KIMIHURURA - Prime Minister Bernard Makuza has announced that, since the establishment of the Fund for Genocide Survivors (FARG), the government has spent Rwf 110.8 billion towards the welfare of survivors.
The Premier made the remarks while appearing before the Senate to answer questions related to what had, been accomplished to ensure the welfare of survivors, especially in providing them with decent housing.
FARG was established in 1998 to improve the welfare of Genocide survivors by providing them with basic needs like shelter, healthcare, education and guide them towards self-sustainability.
“So far, about Rwf 78.1 billion has been spent on education while Rwf 7.7 billion was spent on the health of survivors,” said the Premier.
He added that Rwf 15.9 billion was spent on shelter while Rwf 9 billion went towards helping them start income generating activities.
Part of what the Senate had requested the Prime Minister includes providing the actual number of survivors who have benefited from the fund.
According to Makuza, a database was created and in January 2010, a census of Genocide survivors benefiting from several initiatives was also conducted.
“Figures collected indicate that 38,679 houses were constructed out of the 40,187 houses needed,” the Prime Minister said.
Of the constructed houses, 12,908 need to be renovated.
The head of government told the Senate that 876 beneficiaries sold their houses, while 144 are illegal beneficiaries.
“Indeed there was mismanagement of FARG funds, but after creating this database, we came up with strict measures to ensure that no more errors were made,” said the Premier.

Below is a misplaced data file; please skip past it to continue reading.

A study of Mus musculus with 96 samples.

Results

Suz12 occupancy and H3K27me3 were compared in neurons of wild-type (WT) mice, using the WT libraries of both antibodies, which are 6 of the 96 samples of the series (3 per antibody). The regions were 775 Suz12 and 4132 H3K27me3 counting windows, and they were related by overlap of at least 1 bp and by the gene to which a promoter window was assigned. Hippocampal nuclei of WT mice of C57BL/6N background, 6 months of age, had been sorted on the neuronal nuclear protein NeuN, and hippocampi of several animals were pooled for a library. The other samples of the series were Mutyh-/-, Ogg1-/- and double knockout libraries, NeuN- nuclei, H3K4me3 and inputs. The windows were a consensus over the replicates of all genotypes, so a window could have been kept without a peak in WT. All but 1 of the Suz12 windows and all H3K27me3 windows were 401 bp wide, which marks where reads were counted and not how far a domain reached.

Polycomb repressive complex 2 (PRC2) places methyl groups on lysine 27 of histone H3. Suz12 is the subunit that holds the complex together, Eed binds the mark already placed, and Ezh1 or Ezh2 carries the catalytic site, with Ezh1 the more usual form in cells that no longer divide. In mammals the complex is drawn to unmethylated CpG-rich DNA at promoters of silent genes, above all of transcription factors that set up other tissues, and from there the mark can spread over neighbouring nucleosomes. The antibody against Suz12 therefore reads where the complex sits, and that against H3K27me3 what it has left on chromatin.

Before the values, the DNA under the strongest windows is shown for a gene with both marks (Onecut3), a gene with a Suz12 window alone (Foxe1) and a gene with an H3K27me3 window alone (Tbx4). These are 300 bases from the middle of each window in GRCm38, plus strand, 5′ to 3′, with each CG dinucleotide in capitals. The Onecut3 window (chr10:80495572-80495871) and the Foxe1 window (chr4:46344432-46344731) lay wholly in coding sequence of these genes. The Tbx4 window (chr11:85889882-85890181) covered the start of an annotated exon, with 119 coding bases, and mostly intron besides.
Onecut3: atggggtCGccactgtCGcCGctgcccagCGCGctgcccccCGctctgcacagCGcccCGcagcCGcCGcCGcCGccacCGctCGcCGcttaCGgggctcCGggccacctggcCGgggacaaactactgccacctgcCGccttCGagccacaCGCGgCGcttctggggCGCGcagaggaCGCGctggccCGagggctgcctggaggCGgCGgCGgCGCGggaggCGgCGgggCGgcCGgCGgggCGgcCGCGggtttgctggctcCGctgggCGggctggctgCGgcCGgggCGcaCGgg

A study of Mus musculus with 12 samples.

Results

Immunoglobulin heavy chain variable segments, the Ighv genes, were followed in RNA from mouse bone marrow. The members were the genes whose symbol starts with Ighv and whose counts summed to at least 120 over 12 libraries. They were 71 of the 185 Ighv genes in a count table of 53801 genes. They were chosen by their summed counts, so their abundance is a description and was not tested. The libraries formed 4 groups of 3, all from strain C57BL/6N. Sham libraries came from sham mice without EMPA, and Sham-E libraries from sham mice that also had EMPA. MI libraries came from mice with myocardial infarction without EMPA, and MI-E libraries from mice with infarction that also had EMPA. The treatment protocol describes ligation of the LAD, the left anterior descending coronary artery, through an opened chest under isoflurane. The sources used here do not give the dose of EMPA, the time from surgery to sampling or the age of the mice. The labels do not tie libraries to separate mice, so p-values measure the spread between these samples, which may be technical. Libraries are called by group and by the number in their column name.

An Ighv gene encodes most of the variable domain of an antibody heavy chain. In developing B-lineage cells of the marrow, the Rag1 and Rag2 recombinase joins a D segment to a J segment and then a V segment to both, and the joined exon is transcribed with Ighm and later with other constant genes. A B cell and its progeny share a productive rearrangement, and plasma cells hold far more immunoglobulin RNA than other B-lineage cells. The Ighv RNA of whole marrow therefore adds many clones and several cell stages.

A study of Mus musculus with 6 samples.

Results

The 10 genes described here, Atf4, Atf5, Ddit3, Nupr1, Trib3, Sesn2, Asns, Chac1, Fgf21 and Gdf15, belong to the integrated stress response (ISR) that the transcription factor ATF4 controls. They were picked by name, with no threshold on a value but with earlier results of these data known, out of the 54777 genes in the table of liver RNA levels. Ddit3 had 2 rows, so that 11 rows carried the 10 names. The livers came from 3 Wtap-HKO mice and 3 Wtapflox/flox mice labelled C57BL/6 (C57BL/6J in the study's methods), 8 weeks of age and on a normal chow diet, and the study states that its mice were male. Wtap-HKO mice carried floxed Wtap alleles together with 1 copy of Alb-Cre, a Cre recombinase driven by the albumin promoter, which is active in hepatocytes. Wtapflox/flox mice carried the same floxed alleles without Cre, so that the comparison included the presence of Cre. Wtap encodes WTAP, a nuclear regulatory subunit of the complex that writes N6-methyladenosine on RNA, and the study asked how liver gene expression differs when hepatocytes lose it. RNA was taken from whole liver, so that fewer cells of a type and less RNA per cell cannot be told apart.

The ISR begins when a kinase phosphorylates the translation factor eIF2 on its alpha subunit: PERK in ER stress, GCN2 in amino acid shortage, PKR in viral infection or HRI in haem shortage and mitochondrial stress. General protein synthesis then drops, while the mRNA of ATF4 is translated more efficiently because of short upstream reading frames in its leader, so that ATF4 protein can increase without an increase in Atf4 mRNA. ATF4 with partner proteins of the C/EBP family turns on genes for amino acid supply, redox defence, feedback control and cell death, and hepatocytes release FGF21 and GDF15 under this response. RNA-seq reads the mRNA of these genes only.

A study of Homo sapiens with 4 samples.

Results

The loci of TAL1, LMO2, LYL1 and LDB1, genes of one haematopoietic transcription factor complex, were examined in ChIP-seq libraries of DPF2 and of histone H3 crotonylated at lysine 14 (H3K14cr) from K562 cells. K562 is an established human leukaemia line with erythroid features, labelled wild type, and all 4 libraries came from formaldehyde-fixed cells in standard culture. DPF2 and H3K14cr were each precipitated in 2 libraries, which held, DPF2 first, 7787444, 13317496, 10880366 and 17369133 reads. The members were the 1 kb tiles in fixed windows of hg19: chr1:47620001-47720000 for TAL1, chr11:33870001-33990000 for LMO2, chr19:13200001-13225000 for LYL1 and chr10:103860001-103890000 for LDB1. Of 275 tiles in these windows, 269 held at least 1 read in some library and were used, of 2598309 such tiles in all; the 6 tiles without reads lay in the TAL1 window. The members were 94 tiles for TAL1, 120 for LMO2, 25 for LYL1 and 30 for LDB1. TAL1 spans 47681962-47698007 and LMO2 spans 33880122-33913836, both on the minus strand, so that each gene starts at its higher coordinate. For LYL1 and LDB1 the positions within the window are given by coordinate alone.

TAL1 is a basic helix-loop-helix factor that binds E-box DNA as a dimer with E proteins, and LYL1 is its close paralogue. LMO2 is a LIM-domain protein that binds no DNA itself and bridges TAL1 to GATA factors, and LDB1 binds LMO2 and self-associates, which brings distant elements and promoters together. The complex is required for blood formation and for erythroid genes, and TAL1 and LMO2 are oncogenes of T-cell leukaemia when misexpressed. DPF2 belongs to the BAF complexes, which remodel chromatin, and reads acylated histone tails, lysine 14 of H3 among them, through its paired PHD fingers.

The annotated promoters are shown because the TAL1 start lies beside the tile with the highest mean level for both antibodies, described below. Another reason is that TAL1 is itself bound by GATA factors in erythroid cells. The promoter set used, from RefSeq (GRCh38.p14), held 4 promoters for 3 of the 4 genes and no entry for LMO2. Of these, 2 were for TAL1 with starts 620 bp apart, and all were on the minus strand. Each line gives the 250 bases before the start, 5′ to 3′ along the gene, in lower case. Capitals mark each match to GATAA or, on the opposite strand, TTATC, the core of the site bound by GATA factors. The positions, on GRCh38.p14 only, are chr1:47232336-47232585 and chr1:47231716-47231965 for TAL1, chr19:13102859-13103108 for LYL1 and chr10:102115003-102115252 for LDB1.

He added that mismanagement led to several reshuffles of the fund’s management, and FARG activities decentralised to ensure efficiency and proper accountability.
The Prime Minister also unveiled a list of 21 entrepreneurs who misused or embezzled funds meant for the construction of houses of Genocide survivors.
Among them include Védaste Ngarambe of KCC enterprise and Lambert Byemayire of SEGH enterprise who are alleged to have squandered approximately Rwf 102 million and Rwf 98.5million respectively.
All the 21 cases are in high court.
Following the Prime Minister’s presentation, Senator Agnes Kayijire expressed her concerns over lack of support documents on all work that was done.
“There are no clear reports on work done between 2008 and 2009. There is also a problem in accessing information related to previous work done, I recommend the government to look into this as a measure to ensure efficiency,” she said.
Senator Antoine Mugesera said: “Our main aim was to send a message to the government that there is a problem related to the construction of survivors’ houses. It is clear that our message was effectively delivered and we expect no further errors in future”.
Several other senators requested that the government ensures proper management of funds meant for genocide survivors and ensure efficiency and proper bookkeeping.